Brian David Mitchell
Brian David Mitchell
August Miller, Deseret News

Just when it appeared justice finally would be done in the Elizabeth Smart case, attorneys for the man accused of kidnapping her, Brian David Mitchell, tried for yet another delay. We're glad U.S. District Judge Dale Kimball rejected that motion Tuesday. It's time to begin the trial.

The public, as expressed in letters to our Readers' Forum and elsewhere, has asked frequently whether eight years of delay isn't enough for this disturbing crime. We think that is a good question.

Mitchell's attorneys have asked the 10th Circuit Court of Appeals to move the trial out of Utah because of intense media coverage. We appreciate the many legal avenues that are in place to protect a defendant's right to a fair trial. This is a nation ruled by laws, not by passions, and the Smart case raised many strong emotions among the public, which is one reason it received so much media attention.

But that media attention was by no means limited to Utah. Every major network carried several stories, and the investigation and arrests in the case were discussed endlessly on talk shows from coast to coast.

Meanwhile, that is all fading into the distant past, even as evidence gets cold and memories fade.

Kimball took all this into consideration last week when he issued a decision that Mitchell could receive a fair trial in Salt Lake City. Kimball reviewed more than 330 questionnaires that had been filled out by potential jurors. Most said they were aware of the case and that they receive most of their information from the media. But, according to Kimball, they also were devoid of hostility toward Mitchell, said they were skeptical of media reports and provided thoughtful responses that showed they had not prejudged the case.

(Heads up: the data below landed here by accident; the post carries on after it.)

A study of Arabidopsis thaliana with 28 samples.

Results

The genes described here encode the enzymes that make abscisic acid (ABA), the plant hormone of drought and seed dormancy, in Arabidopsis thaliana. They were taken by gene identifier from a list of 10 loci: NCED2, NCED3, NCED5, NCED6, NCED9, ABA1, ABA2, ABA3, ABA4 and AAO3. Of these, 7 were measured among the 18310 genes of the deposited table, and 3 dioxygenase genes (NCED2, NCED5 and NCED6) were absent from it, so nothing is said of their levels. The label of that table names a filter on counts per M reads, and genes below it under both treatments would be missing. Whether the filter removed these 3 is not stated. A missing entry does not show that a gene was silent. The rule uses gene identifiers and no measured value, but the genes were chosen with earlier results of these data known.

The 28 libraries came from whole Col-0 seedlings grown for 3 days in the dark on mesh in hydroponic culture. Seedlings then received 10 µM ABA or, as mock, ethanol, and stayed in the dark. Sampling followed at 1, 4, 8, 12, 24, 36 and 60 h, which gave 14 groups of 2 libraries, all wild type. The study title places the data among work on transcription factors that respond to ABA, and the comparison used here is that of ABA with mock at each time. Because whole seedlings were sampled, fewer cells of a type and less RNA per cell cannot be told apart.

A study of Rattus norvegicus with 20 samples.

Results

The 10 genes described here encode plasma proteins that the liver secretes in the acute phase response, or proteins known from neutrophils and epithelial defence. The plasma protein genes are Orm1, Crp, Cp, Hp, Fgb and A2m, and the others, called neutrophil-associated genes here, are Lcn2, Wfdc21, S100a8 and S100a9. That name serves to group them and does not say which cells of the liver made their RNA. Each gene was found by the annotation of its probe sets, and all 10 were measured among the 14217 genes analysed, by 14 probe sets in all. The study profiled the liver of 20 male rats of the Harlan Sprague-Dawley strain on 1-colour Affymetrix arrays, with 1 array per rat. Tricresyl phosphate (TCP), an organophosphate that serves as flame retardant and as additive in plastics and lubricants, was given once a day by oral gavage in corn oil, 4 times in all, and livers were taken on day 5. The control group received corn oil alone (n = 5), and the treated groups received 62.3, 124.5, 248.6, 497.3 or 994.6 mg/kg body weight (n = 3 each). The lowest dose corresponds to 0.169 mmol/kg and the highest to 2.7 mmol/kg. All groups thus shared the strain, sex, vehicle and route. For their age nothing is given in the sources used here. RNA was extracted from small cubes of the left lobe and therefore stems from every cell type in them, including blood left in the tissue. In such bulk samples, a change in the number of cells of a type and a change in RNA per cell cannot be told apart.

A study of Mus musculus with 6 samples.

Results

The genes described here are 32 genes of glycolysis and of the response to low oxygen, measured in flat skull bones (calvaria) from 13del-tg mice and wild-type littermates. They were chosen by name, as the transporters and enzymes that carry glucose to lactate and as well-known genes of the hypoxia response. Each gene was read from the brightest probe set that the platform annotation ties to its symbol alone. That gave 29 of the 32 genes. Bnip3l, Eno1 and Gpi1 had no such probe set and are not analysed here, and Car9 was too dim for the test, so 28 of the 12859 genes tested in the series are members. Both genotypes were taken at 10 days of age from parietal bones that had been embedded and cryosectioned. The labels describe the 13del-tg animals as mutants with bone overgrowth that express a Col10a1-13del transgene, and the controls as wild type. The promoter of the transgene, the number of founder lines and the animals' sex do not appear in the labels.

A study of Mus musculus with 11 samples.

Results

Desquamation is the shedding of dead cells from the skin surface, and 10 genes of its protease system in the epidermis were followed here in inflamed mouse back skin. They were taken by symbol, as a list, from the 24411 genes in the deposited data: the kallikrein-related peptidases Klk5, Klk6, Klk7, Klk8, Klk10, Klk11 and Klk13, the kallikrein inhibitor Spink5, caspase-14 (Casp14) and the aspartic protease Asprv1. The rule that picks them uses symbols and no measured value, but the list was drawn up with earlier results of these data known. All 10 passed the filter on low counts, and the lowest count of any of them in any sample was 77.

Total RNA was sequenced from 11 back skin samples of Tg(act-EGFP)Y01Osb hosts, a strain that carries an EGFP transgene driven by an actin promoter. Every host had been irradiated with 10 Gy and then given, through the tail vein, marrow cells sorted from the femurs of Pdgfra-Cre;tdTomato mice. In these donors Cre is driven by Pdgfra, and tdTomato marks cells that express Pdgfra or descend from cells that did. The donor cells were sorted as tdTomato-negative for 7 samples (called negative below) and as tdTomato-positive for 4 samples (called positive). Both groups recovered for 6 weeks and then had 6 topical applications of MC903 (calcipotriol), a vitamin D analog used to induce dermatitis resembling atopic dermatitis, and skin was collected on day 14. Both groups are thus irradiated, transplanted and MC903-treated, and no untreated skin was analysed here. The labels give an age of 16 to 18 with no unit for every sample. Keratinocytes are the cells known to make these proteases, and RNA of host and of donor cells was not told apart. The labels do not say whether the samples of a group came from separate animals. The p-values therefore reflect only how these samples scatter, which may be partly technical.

As Kimball noted in his decision, it is not necessary to find a jury that has no prior knowledge of the case whatsoever. The important thing is to find jurors who are undecided and open-minded. In his opinion, the surveys showed more than 100 jurors would be qualified to serve even if the defense removed everyone who possibly might have prejudged the case.

The trial will begin Monday — at long last. Kimball has twice ruled that Mitchell could receive a fair trial in Utah. Before that, the court was tied up in long delays over whether Mitchell, who frequently begins singing in the courtroom, is mentally competent to stand trial. Mitchell's estranged wife, Wanda Barzee, pleaded guilty to federal kidnapping charges more than a year ago. Meanwhile, Smart, who is now 22, has arranged to take a temporary leave from her mission in France for The Church of Jesus Christ of Latter-day Saints to testify at the trial.

This is, at its heart, a case involving an innocent 14-year-old girl who was kidnapped from her bedroom and subjected to nine months of dehumanizing captivity. The victim has handled herself with dignity and grace in the intervening years, but she deserves justice. The delays in this case strain credulity. We're glad Kimball acted quickly to deny the motion to delay things even further. It's time to bring closure to this awful crime.